Detroit Future Media 2011 Class at AMP
Photo Credit: Allied Media Projects
“Often the most holistic solutions come from places with fewer resources. When people are deeply rooted in their communities, they think about how technology and media can support local solutions,” says Diana Nucera, Co-Director of Allied Media Projects (AMP) in Detroit, Michigan.
Both AMP and the Open Technology Initiative (OTI) are members of the Detroit Digital Justice Coalition (DDJC), an alliance of organizations that received Broadband Technology Opportunity Program (BTOP) grants to run Sustainable Broadband Adoption (SBA) and Public Computer Center (PCC) programs in Detroit.
On November 15th, an AMP team including Nucera, Adriel Thornton, and Anderson Walworth came to Washington, DC, where they gave a presentation at OTI’s offices, visited a field test of the Commotion wireless mesh platform in McPherson Square, and met with staff from their congressional representatives.
At OTI, Nucera described AMP’s guiding principles and its BTOP-related work in Detroit. She explained how AMP empowers students with the tools of technology and media production to organize, to teach, to work, and altogether to build a community-driven sustainable digital ecosystem.
Nucera started with the history of the Detroit Digital Justice Coalition (DDJC), which developed out of a workshop on the BTOP opportunity at the 2009 Allied Media Conference titled, "A Healthy Digital Ecology: Creating a Community Vision for Federal Broadband Funding." The workshop focused on how broadband adoption programs can help places like Detroit that need more comprehensive solutions than just a bridge across the digital divide. Following the conference, AMP convened a group of Detroiters to discuss how to collaboratively build a healthy local digital ecosystem, with or without the BTOP funds. Inspired by the Philadelphia Digital Justice Coalition, the group decided to form a Detroit coalition.
Participants used a collaborative, iterative process to gather community feedback and shape the DDJC’s guiding principles and its ideas about how technology could support a vision for Detroit’s future. Organizers grouped feedback into common themes, shared this work with the group, and then discussed until “everyone felt good [about the principles] and agreed that they would continue to evolve as we put them into practice,” says Nucera.
The resulting Digital Justice Principles solidified the coalition’s methods and its proposed community programs. DDJC also organized “Discotechs” (Discovering Technology Fairs) with the goal of “demystifying” technology for Detroiters from different walks of life. Organizers gathered information from people who attended the Discotechs to understand what trainings and communications infrastructure their communities needed, then crafted programs to meet those community-defined needs.
In 2010, when the NTIA awarded them with BTOP funding via a partnership with Michigan State University, AMP and its DDJC partners sprang into action with the Detroit Future programs: Detroit Future Media, which was the first program to launch, followed by Detroit Future Schools and Detroit Future Youth. The coalition selected 48 participants from over 250 applicants for the Detroit Future Media training based on their visions for the city and their potential to use technology and media skills for education and local job creation. From the start, participants exchanged ideas and used their newly acquired media skills to lift up their communities.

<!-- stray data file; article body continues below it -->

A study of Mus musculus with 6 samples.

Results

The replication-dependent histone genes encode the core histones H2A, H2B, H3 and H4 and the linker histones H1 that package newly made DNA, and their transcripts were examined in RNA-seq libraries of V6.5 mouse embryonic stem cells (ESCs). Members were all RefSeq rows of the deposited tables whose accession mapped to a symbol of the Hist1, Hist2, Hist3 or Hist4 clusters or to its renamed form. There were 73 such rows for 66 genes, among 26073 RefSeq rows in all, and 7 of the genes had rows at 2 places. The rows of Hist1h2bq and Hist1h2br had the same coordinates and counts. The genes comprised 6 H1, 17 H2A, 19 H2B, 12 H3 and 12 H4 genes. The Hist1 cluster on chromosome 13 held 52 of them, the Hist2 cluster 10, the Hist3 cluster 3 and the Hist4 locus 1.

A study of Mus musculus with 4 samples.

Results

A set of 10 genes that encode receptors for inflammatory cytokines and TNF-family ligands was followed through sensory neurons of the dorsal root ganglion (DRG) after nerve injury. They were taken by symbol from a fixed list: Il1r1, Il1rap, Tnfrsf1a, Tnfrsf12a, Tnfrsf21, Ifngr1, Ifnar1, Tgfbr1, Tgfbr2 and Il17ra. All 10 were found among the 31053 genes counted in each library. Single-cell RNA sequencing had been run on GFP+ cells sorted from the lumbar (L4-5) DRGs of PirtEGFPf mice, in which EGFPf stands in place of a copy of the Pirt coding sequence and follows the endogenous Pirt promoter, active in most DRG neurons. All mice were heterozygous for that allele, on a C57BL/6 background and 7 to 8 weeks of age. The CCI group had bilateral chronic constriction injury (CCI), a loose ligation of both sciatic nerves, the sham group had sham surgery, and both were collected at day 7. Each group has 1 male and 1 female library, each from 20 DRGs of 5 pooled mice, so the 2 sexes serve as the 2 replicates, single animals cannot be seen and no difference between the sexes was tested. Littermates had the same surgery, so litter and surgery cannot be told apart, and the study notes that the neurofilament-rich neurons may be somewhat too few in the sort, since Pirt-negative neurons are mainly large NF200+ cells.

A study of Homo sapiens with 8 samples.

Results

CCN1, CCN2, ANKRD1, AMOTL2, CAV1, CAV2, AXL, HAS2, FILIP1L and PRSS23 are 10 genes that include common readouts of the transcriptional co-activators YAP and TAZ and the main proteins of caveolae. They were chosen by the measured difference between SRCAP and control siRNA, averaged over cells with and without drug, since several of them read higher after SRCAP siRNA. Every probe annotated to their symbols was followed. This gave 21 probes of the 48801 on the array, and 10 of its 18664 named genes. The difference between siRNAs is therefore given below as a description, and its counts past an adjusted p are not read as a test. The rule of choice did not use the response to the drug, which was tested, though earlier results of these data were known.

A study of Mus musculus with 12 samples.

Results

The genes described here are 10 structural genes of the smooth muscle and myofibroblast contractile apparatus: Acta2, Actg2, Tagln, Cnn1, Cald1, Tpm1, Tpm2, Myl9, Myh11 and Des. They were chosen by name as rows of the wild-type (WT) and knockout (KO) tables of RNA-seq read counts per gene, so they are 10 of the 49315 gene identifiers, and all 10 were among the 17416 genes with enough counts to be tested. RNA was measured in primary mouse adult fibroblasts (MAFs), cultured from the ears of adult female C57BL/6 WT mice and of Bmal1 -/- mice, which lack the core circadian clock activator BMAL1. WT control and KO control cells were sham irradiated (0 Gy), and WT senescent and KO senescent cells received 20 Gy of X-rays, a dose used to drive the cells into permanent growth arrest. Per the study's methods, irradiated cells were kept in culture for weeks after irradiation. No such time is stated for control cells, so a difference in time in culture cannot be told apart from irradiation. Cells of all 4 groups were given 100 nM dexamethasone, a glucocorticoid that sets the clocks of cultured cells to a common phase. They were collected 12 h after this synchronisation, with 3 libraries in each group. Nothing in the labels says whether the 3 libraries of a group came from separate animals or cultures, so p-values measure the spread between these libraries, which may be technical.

Detroit Future Media is a multi-week training program covering a range of digital media skills and concentrations in education, entrepreneurship and media-based community organizing skills. Nucera explained that the trainers in these programs are community-based artists and previous program graduates who want to share their skills with others. DDJC believes that peer-to-peer education and project-based learning techniques unleash the “power of creativity as a learning tool” across multiple learning styles and at all levels of programs and classes, according to Nucera.
After the first round of classes, AMP conducted an intensive reflection process. Program coordinators interviewed participants and asked them to fill out exit surveys explaining how their vision was coming to life through the skills they had acquired. They solicited input from local small businesses and community organizations about what kinds of digital services they needed most. They were also able to raise additional matching funds to launch a new round of program activities. In this way, AMP continues to reflect and grow, following a cyclical process of learning, listening and speaking to improve its curriculum and programs.
Graduates leave these programs with skills that can be used in the real world to organize, teach, and work. People are inspired and empowered to fulfill their visions for their communities. They are starting to form “an army of indy media makers,” says Nucera. The Detroit Future programs are now at the center of an intergenerational, diverse group of enthusiastic participants who are teaching, organizing, helping small businesses and starting their own small businesses across the city.
Following their DC visit, Nucera and her AMP partners traveled to meet with members of the Philadelphia Freedom Rings Partnership, another of OTI’s BTOP partners, in order to share this story and to learn more about Philadelphia’s BTOP story. While being locally rooted helps lead to holistic solutions, AMP is also showing how its process of learning, listening, and speaking can span geographies to build a stronger and more robust media ecosystem.